Imbolc, when the earth awakes again


I can tell it’s a cold morning before I have even left the cosy warmth of the duvet. Yet, it’s just gone 7.30am and light is already peering through the curtains. Days are getting noticeably longer now and this puts a spring in my step. I come downstairs to light the fire and to turn the calendar to a new page. Today is the 1st of February and the Celtic festival of Imbolc, the half way point between the Winter Solstice and the Spring Equinox, a celebration of the re-awakening of the earth. Winter is receding and there are signs that Spring is on its way.

At Imbolc, change is in the air as we move to the last segment of the Winter season on the Wheel of the Year. The time has now come to begin to prepare for the growth, new life and new beginnings that will come with Spring. Outside, the first hints that nature is stirring itself out of its Winter sleep are there for us to notice, however small and subtle and despite the cold and snow. The snowdrops are beginning to bloom and daffodils and crocuses are poking through the ground, all emerging triumphant from the grip of Winter full of hope and promise. I have also noticed this past week that birds are becoming more active and vocal; I have spotted blue tits beginning to survey for nest sites, peering into bird boxes in anticipation of the breeding season, which prompted me to go round our land and clear all our bird boxes of last year’s nesting materials and check them for damage or Winter residents not of the feathery kind! I have heard the first song of the blackbird at dusk. In the hedgerow, hazel catkins are growing and lengthening and buds are swelling. Our hens are responding to the quickening of nature and the approaching Spring too: more eggs in our basket and one broody hen! All these early Spring gifts are such a delight to notice, a reward for paying attention, looking deeper and attuning to the rhythms of nature. Welcoming them recharges my soul with much needed encouragement, hope and promise and leaves me feeling energised and ready to gradually unfurl and turn my attention outward.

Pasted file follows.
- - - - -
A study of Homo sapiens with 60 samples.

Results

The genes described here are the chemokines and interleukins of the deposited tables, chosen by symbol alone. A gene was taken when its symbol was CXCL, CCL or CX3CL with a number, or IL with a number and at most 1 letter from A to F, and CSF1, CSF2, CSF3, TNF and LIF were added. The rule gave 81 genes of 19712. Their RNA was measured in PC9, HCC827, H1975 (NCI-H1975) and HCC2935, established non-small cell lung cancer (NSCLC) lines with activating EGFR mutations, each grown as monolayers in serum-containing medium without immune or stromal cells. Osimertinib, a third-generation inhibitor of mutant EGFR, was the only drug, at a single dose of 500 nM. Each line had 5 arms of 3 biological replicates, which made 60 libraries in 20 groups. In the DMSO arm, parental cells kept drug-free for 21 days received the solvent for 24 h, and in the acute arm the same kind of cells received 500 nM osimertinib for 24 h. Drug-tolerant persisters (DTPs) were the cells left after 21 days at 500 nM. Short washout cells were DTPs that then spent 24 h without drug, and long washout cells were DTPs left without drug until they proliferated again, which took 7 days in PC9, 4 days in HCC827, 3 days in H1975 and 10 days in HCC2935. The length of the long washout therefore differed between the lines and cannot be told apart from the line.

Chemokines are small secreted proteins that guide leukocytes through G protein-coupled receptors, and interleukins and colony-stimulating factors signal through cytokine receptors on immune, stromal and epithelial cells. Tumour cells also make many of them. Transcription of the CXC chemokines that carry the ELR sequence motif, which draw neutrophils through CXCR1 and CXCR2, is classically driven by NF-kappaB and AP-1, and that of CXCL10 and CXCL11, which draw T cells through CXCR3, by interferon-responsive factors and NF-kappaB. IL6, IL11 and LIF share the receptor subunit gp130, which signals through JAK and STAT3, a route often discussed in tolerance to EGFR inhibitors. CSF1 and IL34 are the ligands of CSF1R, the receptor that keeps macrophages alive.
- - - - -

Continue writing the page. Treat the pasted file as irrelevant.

Last week, I tidied up the small potting shed in preparation for the start of the growing season. That space is where the sowing for the new season begins, before I move to the more spacious potting area in the polytunnel as the gardening season progresses and growing seedlings need more space. The small potting shed is close to the house and especially the sunroom, which transforms into a plant nursery with windowsills filled with propagators and seedling trays between February and June, so it’s handy. My new growing calendar is up on the wall to guide and prompt me and I will sow the first seeds in two weeks, starting with the chillis, peppers and aubergines which need a long growing season. Peter is building me an outdoor potting area in the field which we are gradually developing into a functional area with the large polytunnel, greenhouse, compost bays and perennial beds. The wooden frame of this new, exciting space is now erected and the next stage is to add a roof and two or three sides. A project that began and gained momentum last Summer when Peter was on furlough but which has progressed slowly since Peter returned to work full-time in the Autumn, I am looking forward to it reaching completion soon.

Another plan dreamed up during the Winter that we are beginning to work to bring to fruition now is the creation of a rose garden outside the kitchen window to add colour and interest close to the house with ornamental beds. Further updates on this new addition will follow in a later blog post, when the time comes for the rose garden to be in the limelight.

The jobs that I will be doing in the garden this month to prepare it for Spring and the new growth will include pruning, cutting back, clearing away dead foliage and mulching. Similarly, as we ease ourselves out of Winter and into Spring, now is our last opportunity to let go of the old to make room for the new. Imbolc and the month of February offer us a last chance to take a look at ourselves and identify anything that may stop us from bringing our dreams and aspirations to fruition. Valuable questions to ask ourselves to help guide this inner process of clearing away and letting go are: what do I need to shed to enable and support new growth? What am I carrying from Winter that no longer serves me well? What from the past can I leave behind to welcome the future? What nurture and nourishment do I need to fully embrace new beginnings? The purpose of this cleansing (or Spring clean) is to leave us refreshed, renewed and ready for growth.

May the earth’s re-awakening bring you hope, inspiration, new energy and creativity to carry you into the new season of renewal and possibilities. Happy Imbolc!